D.C. Council members say they’re considering legislation that would ensure District residents have their consumer rights respected as student loan borrowers.
On Oct. 25, the Committee on Business and Economic Development and the Committee on Judiciary and Public Safety held a joint hearing on the New Student Loan Borrower Bill of Rights Amendment Act of 2021.
Authored by Council member Christina Henderson (I-At Large), the bill would ban unfair, deceptive or abusive lending practices, require servicers to tell borrowers if loans are transferred or sold, and extend present consumer protections to borrowers. In addition, the bill transfers the responsibility of dealing with student loan matters from the D.C. Department of Insurance, Securities and Banking to the D.C. Office of the Attorney General and puts in place a mechanism to oversee private lenders.
Henderson introduced the bill with Robert White (D-At Large), Anita Bonds (D-At Large), Elissa Silverman (I-At Large), Brianne Nadeau (D-Ward 1), Brooke Pinto (D-Ward 2), Mary Cheh (D-Ward 3), Janeese Lewis George (D-Ward 4) and Charles Allen (D-Ward 6) as co-introducers on March 29.
The council chose to review the bill as studies reveal District residents have a high level of student loan debt. AdvisorSmith, a business research company based in New York City, published on its website in January that the District has the highest balance of student loan debt in the country with $54,982. Additionally, the District leads the nation with 16% of residents having unpaid student loan debt.
Student Loan Debt Issues
Council member Kenyan McDuffie (D-Ward 5), who chairs the Business and Economic Committee, said racial inequities exist in the District’s student loan debt dilemma.
“Nationally and locally, the highest and fastest student loan balances are in majority-Black communities,” McDuffie said. “Parts of Ward 5 and east of the Anacostia River neighborhoods have the city’s highest delinquency loan defaults. Loan default rates in Congress Heights, Deanwood, Anacostia and Brentwood are 35%, 31%, 31% and 23%, respectively.”
McDuffie said, in comparison, default rates in predominantly-white neighborhoods DuPont Circle, Chevy Chase and Capitol Hill are much less. He said, quoting advocates of student loan reform, that Black borrowers with a bachelor’s degree are five times more likely to default than whites with the same degree.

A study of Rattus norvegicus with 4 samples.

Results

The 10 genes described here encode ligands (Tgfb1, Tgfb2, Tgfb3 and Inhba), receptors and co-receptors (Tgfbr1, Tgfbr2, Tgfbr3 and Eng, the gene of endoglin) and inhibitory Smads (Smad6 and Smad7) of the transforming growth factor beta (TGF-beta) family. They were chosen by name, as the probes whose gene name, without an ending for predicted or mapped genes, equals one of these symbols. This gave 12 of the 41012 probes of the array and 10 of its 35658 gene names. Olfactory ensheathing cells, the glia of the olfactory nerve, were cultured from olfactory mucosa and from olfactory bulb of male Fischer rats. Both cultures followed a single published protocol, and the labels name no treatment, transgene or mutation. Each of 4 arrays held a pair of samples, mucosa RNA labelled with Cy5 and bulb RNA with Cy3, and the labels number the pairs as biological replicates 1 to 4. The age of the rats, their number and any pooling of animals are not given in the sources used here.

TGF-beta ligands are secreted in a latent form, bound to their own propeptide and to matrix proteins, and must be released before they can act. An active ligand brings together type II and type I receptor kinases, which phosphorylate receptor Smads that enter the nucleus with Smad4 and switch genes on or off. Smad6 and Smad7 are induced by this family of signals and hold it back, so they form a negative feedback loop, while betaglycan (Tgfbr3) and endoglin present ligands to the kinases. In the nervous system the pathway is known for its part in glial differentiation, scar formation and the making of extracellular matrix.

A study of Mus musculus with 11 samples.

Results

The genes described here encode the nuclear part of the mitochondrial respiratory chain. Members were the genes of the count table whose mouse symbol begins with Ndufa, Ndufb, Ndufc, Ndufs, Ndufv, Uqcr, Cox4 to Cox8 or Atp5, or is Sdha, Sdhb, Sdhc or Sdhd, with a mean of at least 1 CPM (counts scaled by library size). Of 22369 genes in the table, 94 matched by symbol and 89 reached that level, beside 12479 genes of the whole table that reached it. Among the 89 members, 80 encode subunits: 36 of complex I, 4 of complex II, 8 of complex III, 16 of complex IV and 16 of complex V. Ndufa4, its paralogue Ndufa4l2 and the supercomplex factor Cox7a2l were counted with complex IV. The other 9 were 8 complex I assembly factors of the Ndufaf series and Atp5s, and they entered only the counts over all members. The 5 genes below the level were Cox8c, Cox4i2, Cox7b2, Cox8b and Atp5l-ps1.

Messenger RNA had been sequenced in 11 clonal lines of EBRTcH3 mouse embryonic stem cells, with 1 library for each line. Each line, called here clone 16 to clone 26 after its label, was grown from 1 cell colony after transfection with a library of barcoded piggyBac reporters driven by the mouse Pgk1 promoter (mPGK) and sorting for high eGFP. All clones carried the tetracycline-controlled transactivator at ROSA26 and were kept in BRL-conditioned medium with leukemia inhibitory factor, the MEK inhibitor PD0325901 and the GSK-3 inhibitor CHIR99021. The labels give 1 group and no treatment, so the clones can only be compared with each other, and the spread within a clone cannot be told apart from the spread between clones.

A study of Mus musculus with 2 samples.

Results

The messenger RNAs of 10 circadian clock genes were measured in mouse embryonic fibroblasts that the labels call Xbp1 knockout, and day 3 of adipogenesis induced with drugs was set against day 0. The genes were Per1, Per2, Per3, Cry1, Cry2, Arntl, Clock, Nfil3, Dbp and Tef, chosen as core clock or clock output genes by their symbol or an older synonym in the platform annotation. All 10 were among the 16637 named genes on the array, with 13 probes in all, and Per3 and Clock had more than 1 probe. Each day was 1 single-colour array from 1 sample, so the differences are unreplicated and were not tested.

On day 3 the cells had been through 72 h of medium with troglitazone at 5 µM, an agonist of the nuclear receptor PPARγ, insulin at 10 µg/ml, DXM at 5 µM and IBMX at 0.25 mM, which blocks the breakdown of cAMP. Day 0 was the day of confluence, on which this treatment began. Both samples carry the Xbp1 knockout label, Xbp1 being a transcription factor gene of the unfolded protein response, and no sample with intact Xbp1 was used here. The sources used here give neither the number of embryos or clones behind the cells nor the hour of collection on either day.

The council member said “the District faces broader challenges of attracting teachers, public interest attorneys and government experts who often take on high levels of student loan debt with comparably lower pay levels.”
McDuffie said the coronavirus pandemic exacerbated the student loan debt crisis.
“The pandemic only added to the paying students, their parents and older working adults as our national and local economy contracted,” he said. “Not only did our neighbors lose jobs but they also lost income and in many cases, the ability to pay debt including student loans. This as we know prompted the federal government to defer payments on federal student loan debt through January 2022.”
Henderson agreed with McDuffie that residents of color are hurting financially due to unchecked student loan practices.
“The bottom line is Black and Brown borrowers struggle the most with student loan debt and by extension are at the most risk when loan servicers and lenders engage in unfair practices to collect debt,” Henderson said. “We’ve heard plenty of examples of this with private lenders charging hidden fees, using unclear language about discharge eligibility or payment options and borrowers and cosigners sometimes receiving inconsistent information with bait and switch issues when it comes time to remove cosigners off of a loan obligation.”
Thoughts on the Student Loan Bill
Winston Berkman-Breen, deputy director of advocacy and policy counsel at the Student Borrowers Protection Center in the District, supports the bill.
“The bill provides common-sense protection for borrowers,” Berkman-Breen said. “About one in six District residents have student loans totaling over $7 billion but the District currently lags behind in consumer protection.”
However, Christine Roberts, the head of student lending at Citizens Bank, expressed doubts about the legislation.
“Unfortunately, our ability to continue to provide low-cost private education loan options to D.C. students attending colleges in your District and elsewhere will be jeopardized by this bill as currently drafted,” Roberts said. “The bill does not include meaningful exemptions to federally regulated banks, setting up unmanageable conflicts with our various other regulators and therefore we ask that you pause on passing this legislation until modifications can be made.”
Sonya Daniels, a resident of Ward 1, thinks the bill should become law because “it is a step in the right direction in helping people with their student loans.”
“I am so glad the council is doing something to help me deal with these student loans,” she said, noting she owes $60,000 for undergraduate and graduate loans. “I have been on deferment since last year and I know I face a big bill next year when I start repaying it. I need all of the help I can get.”